What to Do When Rowdy Cruise Passengers Are Determined to Ruin Your Vacation

Three tactful strategies for dealing with fellow cruisers who've taken the party too far.
Cruise Etiquette How to Gracefully Deal With Obnoxious or Drunk Cruise Ship Passengers

Meeting new people can be one of the joys of sailing on a cruise. There’s a sense of thrown-togetherness that has characterized seagoing society since the earliest days of ocean travel. But it’s that same haphazardness that can be wearing at times, especially if some fellow passengers behave objectionably.

Everybody boards a cruise to have fun, but on modern cruise ships carrying thousands of passengers, it’s a safe bet there will be many different ideas of exactly what fun is, and that’s bound to cause friction. 

Cruise passengers are in vacation mode, and that changes how they socialize a little bit. First, they’re surrounded by strangers, and any social consequences of misbehavior won’t last any longer than the cruise itself. Second, they’re on the quest for that perfect vacation, and sometimes the pursuit of that objective can give us tunnel vision—If I’m having fun, everything’s good, right?

Cruise lines are also selling a fantasy, marketing sailings as escapes where passengers can be pampered, entertained, and fed until they forget all their worries on shore. But the reality is that cruise ships are still shared spaces, and even vacationers should be mindful that their party doesn’t spill over into someone else’s fun.

But what should passengers do when they encounter unruly shipmates? There are generally three options. 

Alert the crew

Crew members are there to ensure everyone has a safe, positive experience onboard. They should also be a resource for reporting any behavior that is illegal or unsafe. Onboard the ship, the bar for unsafe activity is lower, so some activities that are minor annoyances ashore (smoking outside designated areas or public intoxication, for example) should be reported to crew members because they can ultimately affect the safe operation of the ship.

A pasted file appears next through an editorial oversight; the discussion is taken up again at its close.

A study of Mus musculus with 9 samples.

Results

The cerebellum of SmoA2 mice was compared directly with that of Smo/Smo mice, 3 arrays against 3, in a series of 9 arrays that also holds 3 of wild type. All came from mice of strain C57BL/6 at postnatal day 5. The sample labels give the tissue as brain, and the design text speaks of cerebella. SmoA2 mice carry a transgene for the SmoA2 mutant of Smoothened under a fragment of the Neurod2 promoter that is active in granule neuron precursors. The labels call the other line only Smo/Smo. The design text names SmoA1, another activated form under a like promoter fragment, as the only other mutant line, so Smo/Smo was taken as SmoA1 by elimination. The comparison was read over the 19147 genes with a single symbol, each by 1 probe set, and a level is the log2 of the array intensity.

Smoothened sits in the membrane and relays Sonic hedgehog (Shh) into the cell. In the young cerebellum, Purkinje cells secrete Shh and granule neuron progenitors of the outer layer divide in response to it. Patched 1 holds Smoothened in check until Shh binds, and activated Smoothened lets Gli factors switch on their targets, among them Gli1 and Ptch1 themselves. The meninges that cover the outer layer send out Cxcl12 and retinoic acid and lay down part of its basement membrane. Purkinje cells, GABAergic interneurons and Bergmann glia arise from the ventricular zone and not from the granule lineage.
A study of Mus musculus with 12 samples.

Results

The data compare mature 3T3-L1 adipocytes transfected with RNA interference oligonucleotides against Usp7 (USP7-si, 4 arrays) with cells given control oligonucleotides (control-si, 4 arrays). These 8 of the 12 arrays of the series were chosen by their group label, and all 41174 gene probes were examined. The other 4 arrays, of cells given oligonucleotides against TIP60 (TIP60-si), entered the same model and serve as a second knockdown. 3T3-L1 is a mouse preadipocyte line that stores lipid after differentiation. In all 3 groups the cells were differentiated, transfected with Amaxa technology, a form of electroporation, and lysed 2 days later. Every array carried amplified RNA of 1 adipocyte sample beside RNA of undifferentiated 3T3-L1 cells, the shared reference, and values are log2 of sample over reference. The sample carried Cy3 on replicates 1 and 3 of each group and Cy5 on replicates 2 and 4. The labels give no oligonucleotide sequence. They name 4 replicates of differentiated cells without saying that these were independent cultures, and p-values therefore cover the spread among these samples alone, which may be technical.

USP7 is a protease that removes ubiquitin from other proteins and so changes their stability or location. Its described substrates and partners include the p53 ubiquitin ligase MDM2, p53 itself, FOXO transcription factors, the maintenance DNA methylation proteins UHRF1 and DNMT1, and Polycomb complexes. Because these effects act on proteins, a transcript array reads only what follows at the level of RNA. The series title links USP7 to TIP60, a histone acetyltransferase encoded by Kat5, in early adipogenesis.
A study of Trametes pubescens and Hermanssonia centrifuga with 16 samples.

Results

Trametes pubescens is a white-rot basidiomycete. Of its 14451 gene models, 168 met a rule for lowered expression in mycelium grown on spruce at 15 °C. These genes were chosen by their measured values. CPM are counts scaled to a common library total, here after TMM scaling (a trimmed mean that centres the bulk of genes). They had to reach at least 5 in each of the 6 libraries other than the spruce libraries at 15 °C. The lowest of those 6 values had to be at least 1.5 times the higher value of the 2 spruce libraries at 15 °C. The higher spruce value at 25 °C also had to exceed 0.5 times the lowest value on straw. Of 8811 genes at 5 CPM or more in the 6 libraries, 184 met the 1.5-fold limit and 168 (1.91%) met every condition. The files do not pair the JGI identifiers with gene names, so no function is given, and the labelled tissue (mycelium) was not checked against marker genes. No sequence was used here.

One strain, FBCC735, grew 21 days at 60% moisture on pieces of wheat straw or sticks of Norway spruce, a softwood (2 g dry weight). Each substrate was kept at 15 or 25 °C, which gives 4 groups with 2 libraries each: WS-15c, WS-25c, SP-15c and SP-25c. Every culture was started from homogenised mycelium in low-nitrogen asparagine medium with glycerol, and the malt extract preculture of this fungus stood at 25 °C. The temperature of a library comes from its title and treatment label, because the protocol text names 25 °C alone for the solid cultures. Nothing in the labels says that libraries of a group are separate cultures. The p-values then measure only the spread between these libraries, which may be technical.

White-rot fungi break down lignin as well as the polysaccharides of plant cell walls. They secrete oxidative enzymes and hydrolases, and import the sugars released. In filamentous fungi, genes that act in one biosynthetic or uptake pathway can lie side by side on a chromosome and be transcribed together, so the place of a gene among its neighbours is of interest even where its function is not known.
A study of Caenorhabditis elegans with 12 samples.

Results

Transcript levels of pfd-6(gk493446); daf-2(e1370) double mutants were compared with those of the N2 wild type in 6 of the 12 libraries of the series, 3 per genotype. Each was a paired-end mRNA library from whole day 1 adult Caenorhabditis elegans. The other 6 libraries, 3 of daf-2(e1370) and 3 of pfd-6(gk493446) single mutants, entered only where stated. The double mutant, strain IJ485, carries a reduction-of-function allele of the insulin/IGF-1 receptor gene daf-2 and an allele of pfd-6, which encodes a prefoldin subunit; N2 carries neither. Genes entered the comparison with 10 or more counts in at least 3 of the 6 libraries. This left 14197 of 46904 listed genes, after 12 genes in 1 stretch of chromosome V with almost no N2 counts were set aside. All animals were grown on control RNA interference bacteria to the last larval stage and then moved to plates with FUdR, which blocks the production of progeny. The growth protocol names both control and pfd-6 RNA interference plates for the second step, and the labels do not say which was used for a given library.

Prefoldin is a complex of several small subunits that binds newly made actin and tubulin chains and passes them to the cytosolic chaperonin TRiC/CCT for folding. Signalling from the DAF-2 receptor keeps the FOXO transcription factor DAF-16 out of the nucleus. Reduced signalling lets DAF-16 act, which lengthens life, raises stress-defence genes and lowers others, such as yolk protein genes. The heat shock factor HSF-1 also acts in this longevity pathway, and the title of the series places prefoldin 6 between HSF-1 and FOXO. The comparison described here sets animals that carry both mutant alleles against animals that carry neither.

Alerting the crew also makes them aware of repeat offenders. Cruise lines generally have expectations for passenger behavior written into their passage contracts, and that allows them to disembark passengers who violate their conduct policies. 

That’s not to say, however, that crew members should be dragged into every disagreement between passengers. They don’t need to be asked to referee who saw the deck chair first, or shush passengers providing their own commentary to the theater show unless the situation escalates. 

Think of the crew as ocean-going 911. They’re there to help with major problems and emergencies, but not to settle petty disputes. 

Work it out on your own

Most people are reasonable and will respond favorably to reasonable requests. Come across an overly chatty group in the spa while you’re trying to relax? Politely ask them to keep their voices down—it’s a spa! Does the next table at dinner insist on getting drunk and having a raucous repast every evening? Perhaps it’s easier to ask the chief steward to find you another table instead of attempting to police their behavior. 

Littler cruises can also be a source of annoyance. Perhaps they’re being too loud, or splashing in the pool too much. A little grace goes a long way—if cruise ships are exciting for adults, they’re really exciting for kids, and it’s easy for them to get overstimulated, exhausted, and cranky onboard. It’s a simple fact of being in a shared space, however, in situations where safety is an issue, it’s best to contact a crew member, especially if there doesn’t appear to be a parent or other responsible adult nearby. 

Migrate to a different part of the ship

It’s good to maintain perspective. Is the crowd at the pool too jovial, but it’s not really a situation that requires crew member intervention? A successful vacation probably doesn’t hinge on your being able to enjoy the pool at this exact moment. Enjoy one of the ship’s other activities for a while, then check back. Revelers tend to get tired and move on before long. 

Now let’s say you’re on a smaller ship with just one pool, and it’s a nonstop circus—there just doesn’t ever seem to be a time when it’s an attractive way to spend your time onboard. Ask a crew member about alternatives. Most of them are assigned to their stations throughout the day, and have a pulse on the peaks and valleys of passenger traffic—sometimes growing accustomed to passenger habits on specific voyages. 

I once overheard this exact exchange onboard a ship in the Caribbean. There was a large, boisterous party onboard who seemed to take over the pool each afternoon. A lady approached a deck attendant to ask if anything could be done. The deck attendant smoothly replied (without assigning blame), “They have the early dinner seating, so they’re always gone by 4 each afternoon.” 

The next day, I happened to notice her enjoying a sublimely tranquil pool deck as the sun made its nightly dive for the ship’s wake—her vacation saved by a crew member’s keen observation and tactful diplomacy.